QUESTION OF THE DAY: How did you get over your guilt at leaving your marriage?
This is a hard one.
Hello friends —
A reader named Laura asked me this question the other day and I've been pondering all week how best to answer it.
First of all, for anyone out there who is suffering right now within the suffocation-machine that is guilt, I offer you my most sincere condolences. It sucks. Truly, I am sorry.
Secondly, as painful as guilt can be, we certainly don't want to be people who are incapable of feeling it. That would make us remorseless sociopaths, and we don't want to be remorseless sociopaths. So there is a level at which this emotional response is both normal and needed in our lives.
Thirdly, though — while recognizing that guilt has a certain societal/psychological function, we must never give our lives over to the dedicated worship of our shame. Because anything that you devote your attention to for 24 hours a day, you are worshipping. It took me a long time to realize this, but it is true. I held my guilt so close and nourished it so constantly that I made it into my deity. And I did not want the god of my life to be a dark cloud named Guilt.
I suffered enormous guilt for leaving my marriage. But I simply could not stay in that relationship: That became a non-negotiable truth. I was dying in there. Still, I was deeply ashamed and remorseful for needing to leave. I was never forgiven for leaving, either. Therefore, I had to learn how to forgive myself, or my life would have been over. My life would have been a monument to shame.
Listen — if you have sincerely tried in good faith to make amends with somebody, and that person will not accept your remorse, you must move on. I have always admired the Jewish tradition on this subject. According to Jewish religious law, you are required/allowed to ask forgiveness three times from a person whom you have harmed. They must listen to your plea, and then they can decide whether to forgive you or not. After three attempts, you are done. You are not required to ask a fourth time. You are permitted (indeed, required) move on, and so are they. You cannot force anyone to forgive you. I think this is a humane and realistic system. As Coco Chanel famously said, "Don't spend time beating on a wall, hoping to transform it into a door."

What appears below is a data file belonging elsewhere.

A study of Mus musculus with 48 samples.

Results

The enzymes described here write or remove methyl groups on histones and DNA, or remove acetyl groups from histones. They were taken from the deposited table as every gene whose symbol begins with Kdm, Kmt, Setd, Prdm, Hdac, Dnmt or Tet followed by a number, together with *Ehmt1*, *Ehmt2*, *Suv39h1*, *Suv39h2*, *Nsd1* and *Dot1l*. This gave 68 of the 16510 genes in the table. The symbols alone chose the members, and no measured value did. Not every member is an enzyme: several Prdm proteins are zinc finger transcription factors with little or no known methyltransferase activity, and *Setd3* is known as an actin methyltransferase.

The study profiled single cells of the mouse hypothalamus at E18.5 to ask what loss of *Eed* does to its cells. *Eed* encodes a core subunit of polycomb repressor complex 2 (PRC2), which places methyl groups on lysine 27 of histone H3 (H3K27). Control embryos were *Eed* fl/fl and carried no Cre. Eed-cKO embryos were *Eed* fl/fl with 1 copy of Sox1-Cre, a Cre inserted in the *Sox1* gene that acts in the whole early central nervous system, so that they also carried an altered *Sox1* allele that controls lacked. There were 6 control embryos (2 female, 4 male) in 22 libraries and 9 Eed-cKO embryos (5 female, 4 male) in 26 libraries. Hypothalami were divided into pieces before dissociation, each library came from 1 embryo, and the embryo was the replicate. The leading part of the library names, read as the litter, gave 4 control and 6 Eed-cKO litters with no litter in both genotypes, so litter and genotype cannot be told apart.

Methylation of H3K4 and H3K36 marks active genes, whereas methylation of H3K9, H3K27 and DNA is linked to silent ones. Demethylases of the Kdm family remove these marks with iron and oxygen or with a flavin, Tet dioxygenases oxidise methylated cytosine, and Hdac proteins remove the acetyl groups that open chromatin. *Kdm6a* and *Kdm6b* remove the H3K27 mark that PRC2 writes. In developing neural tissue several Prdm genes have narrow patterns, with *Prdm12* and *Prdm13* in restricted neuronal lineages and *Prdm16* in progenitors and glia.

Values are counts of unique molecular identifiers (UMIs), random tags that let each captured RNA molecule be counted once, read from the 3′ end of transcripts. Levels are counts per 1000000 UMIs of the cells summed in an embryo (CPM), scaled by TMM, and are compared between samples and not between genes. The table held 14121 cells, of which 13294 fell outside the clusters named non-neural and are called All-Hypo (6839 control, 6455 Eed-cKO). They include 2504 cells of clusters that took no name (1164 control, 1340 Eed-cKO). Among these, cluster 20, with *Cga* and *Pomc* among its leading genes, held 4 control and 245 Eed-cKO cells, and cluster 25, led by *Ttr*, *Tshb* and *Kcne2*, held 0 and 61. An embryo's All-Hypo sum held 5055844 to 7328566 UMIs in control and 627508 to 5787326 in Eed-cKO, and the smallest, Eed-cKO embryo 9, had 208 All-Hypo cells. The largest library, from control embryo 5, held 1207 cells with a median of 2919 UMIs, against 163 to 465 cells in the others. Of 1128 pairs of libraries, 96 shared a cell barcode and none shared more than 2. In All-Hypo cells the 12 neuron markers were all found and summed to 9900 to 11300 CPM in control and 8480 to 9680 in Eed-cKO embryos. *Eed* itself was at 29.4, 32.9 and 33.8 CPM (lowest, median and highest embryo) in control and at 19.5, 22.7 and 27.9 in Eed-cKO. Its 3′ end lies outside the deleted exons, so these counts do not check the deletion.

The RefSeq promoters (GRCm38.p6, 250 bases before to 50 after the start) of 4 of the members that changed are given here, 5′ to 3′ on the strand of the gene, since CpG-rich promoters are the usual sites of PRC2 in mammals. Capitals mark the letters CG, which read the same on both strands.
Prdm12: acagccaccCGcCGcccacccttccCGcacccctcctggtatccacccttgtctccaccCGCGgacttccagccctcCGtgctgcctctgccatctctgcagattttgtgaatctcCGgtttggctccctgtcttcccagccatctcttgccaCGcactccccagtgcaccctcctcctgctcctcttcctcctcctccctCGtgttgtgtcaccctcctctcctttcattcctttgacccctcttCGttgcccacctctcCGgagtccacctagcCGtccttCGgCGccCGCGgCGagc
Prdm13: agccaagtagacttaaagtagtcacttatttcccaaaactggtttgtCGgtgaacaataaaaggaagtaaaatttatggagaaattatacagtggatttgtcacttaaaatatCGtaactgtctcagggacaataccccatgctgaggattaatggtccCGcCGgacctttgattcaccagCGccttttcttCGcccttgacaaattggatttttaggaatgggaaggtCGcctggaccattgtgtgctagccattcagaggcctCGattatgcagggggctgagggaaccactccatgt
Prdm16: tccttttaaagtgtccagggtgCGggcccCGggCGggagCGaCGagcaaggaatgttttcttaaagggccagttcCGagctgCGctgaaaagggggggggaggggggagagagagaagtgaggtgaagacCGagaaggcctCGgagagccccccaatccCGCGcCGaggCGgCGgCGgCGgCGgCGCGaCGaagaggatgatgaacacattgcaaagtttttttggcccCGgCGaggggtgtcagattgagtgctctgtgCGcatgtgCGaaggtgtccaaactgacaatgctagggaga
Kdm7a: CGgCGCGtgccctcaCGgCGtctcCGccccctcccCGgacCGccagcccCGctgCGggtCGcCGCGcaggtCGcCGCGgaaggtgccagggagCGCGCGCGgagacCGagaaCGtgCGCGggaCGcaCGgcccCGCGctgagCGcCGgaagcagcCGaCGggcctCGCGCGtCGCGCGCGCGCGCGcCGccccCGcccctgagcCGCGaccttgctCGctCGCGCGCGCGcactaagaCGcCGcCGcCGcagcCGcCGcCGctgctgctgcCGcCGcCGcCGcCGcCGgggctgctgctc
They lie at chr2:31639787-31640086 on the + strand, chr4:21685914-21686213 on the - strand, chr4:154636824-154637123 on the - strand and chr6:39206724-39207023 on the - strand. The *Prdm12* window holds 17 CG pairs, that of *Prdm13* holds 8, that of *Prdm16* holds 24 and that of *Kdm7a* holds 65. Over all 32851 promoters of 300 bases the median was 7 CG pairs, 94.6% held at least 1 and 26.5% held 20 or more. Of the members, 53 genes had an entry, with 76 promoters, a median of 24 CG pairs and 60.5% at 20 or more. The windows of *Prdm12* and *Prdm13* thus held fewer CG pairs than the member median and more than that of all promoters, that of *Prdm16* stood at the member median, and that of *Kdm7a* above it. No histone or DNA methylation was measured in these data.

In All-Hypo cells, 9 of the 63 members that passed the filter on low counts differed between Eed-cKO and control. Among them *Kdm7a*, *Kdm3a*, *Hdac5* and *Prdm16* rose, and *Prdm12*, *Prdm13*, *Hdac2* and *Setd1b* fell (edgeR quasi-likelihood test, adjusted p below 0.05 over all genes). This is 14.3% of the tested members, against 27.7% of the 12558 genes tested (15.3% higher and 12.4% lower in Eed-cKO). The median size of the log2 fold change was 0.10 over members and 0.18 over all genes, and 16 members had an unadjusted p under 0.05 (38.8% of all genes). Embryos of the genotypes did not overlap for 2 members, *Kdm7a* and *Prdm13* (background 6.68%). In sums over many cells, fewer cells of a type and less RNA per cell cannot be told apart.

Then you must work on forgiving yourself. For me, self-atonement took time and care and therapy and prayer. I recommend all these things to help you through it. Also, exercise, sunlight, good friends, and nourishing reading. Most of all, forgiving myself required that I stop regarding myself as "Liz" (this person whom I knew so well and judged so fiercely), and start regarding myself as a random human being who was suffering deeply. How would I comfort a random human being who was suffering deeply? Would I mock her and defame her, for having made mistakes? Would I scorn her as an idiot, a failure, a loser? Would I condemn her to be tormented forever for having been young, human and uncertain? Or would I reach out my hand to her and say, "Nobody walks this path of life without failures and confusion and errors. You, too, are a child of God. Let it go. Everyone deserves the chance to live."
Even you, with all your faults and stumbles and missteps and mistakes. EVEN YOU deserve a chance to live. Invite yourself to come back into the light. Start today.